Sharp-Tailed Grouse


The Sharp-tailed Grouse (Tympanuchus phasianellus) is one of four species of grouse that inhabit steep, grasslands. Historically, Sharp-tailed Grouse were distributed over most of the central and western United States and western Canada.

Sharp-tailed Grouse belong to the Galliformes commonly referred to as upland game birds.


Sharp-tailed Grouse are medium-sized (40-48 cm long, 500-1000 g) birds. Males and females are cryptically colored. Upper body is heavily barred with dark brown, black, and buff. The underside is typically white with tawny margins. Females have darker crown feathers and a continuous dark line along both sides of the central rectrices. Males have also a yellow-orange comb over each eye, and a pale violet airsac.


The Sharp-tailed Grouse is the only extant species of grouse in British Columbia that exhibits lekking behaviour. During spring, and to a lesser extent in fall, males congregate and defend territories in traditional areas known as dancing grounds or leks. Common display behaviours at leks include rapid foot stomping with outstretched wings (“dancing”), squatting and facing other males at territory boundaries, and quick runs along territory boundaries or towards other males. Females visit the lek during the breeding season (March-June). In British Columbia’s southern interior grasslands, peak visits by females occur mid-to late April. Later visits by females may represent second mating attempts after an initial nest failure.


One brood is produced annually. Campbell et al. stated that 56 broods found in British Columbia ranged in size from 1 to 14 young, and averaged 5.6 young.Young can walk soon after hatching, and are capable

of flight when they are 7-10 days old.

Home range

Sharp-tailed Grouse have small annual home ranges, they live on climax grasslands in British Columbia. All “Columbian” radio-collared birds have been located within 2.8km of the lek of capture.


In spring and summer, the bulk of the diet consists of greens, buds, and fruits from grasses, herbs, and shrubs. Winter foods include buds, seeds, herbs, and fruits. Buds of water birch are an important winter food item, because they have a lot of important vitamins. Other important forage species include wild rose, saskatoon, choke cherry, and willow.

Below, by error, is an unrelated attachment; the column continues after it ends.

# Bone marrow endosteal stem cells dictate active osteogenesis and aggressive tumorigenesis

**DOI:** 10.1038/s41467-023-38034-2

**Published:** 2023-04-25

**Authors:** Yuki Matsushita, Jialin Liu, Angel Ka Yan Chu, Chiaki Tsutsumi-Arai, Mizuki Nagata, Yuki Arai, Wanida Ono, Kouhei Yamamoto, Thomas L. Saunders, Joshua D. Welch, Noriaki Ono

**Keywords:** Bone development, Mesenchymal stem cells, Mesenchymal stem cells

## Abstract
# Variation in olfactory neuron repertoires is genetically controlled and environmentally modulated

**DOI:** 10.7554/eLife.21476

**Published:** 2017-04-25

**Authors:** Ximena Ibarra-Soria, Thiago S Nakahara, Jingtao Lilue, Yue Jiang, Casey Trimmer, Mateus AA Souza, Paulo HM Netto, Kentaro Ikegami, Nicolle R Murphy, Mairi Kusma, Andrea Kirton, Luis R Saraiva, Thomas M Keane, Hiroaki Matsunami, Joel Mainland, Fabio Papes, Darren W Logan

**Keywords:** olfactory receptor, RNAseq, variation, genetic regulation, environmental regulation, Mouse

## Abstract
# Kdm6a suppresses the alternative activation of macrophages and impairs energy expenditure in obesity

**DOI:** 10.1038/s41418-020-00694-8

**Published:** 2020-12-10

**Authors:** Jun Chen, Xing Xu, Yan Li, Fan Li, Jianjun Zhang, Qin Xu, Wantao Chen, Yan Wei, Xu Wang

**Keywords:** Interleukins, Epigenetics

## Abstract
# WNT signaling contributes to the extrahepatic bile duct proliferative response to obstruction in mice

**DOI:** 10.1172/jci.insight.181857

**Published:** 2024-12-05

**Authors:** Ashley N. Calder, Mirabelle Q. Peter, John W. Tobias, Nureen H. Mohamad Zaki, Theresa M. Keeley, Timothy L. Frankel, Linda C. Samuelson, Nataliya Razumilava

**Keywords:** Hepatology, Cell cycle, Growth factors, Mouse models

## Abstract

Sharp-tailed Grouse use a variety of habitats, although the presence of open areas are juxtaposed with shrubby and/or open parkland is common to all occupied areas. In British Columbia, sharp-tails have been found at elevations from 275 to 2135 m.


Leks, or dancing grounds, are the focal area of the breeding season. Leks may be located on knolls, drumlins and benches, sand dunes, forest clearcuts, meadows, or recent burns.


Females nest soon after mating (May-June). Nests are located on the ground, and are typically situated in open grassy areas.


Sharp-tailed Grouse are prone to predation because of their ground nesting habits, large clutch sizes and lekking behaviour during the breeding season. Raptors and canids are the major predators of Sharp-tailed Grouse. In climax grasslands of southern interior B.C., incidental observations suggest that the main predators of sharp-tails are Coyotes, Northern Goshawks, Short-eared Owls, Great Horned Owls and Red-tailed Hawks.


Sharp-tailed Grouse are a popular gamebird where they occur in sufficient numbers to support hunting. In 2002, all open grasslands populations are closed for hunting. Hunting currently remains open only in cutover habitat and sedge meadow complexes in the northern parts of British Columbia, but with daily bag and possession limits.